Saving & Investing for Retirement


A RRIF is basically a RRSP in reverse. You put money into RRSPs while you were working to save on taxes every year. When you eventually switch your money over to RRIFs, you'll be drawing money out, and paying taxes on that money as you do.

The benefits of RRIFs are that they allow you to control the amount of money paid to you so you remain actively involved in all investment decisions. There is no maximum withdrawal limit, and the minimum limit increases to reflect inflation until it stops at 20% when you turn 94. You can adjust your withdrawals to reflect your lifestyle. For example, larger withdrawals can be made every few years if you decide you want to travel around the world or choose to make a large investment. They are fairly flexible option.

RRIFs also make estate planning easier if you're married. You can set it up so your spouse will be able to receive the full amount of the RRIF as your beneficiary. Alternatively, you can designate your spouse as the "successor annuitant", in which case the RRIF carries on for him or her the way it was originally set up for you.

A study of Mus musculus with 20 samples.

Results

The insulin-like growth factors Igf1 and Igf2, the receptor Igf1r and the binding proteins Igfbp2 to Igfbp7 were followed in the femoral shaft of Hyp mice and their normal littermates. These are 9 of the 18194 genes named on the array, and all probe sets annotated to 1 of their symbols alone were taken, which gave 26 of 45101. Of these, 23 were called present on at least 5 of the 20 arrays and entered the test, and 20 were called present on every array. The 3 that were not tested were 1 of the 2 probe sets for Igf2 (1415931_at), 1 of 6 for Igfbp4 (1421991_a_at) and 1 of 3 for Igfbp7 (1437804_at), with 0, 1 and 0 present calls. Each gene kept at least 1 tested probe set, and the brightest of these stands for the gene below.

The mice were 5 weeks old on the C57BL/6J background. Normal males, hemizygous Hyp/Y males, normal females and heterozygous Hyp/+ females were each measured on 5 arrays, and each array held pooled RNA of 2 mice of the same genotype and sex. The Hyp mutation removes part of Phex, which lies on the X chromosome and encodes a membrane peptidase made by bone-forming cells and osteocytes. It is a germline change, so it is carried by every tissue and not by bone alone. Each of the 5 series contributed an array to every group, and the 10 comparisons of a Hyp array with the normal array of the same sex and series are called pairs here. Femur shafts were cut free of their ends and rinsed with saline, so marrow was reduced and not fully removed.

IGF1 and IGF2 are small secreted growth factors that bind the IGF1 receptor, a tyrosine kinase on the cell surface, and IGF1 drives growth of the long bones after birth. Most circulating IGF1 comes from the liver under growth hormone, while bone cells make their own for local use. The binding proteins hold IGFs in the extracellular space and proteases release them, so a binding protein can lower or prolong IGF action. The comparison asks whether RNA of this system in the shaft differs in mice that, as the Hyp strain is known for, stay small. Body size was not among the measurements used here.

Reverse Mortgages

This is simply a loan against your house that you don't have to pay back as long as you live there. To qualify you must be 62 years or older and own your own home.

The amount of the loan depends on your age and the value of your home at the time you sign the agreement. You can receive the loan in several ways. You can take it in one lump sum at the time you sign. You can get a credit line that allows you to withdraw cash advances when you need them. You can also set up a monthly cash advance system that will last a specified amount of years or as long as you own the house. You can use a combination of any or all of these too.

Find Out More

Consolidated Credit Union can help you learn more about reverse mortgages RRIFs, and other annuities. Doing your homework and consulting the right advisors will make it easier to select any option that may make your retirement more comfortable.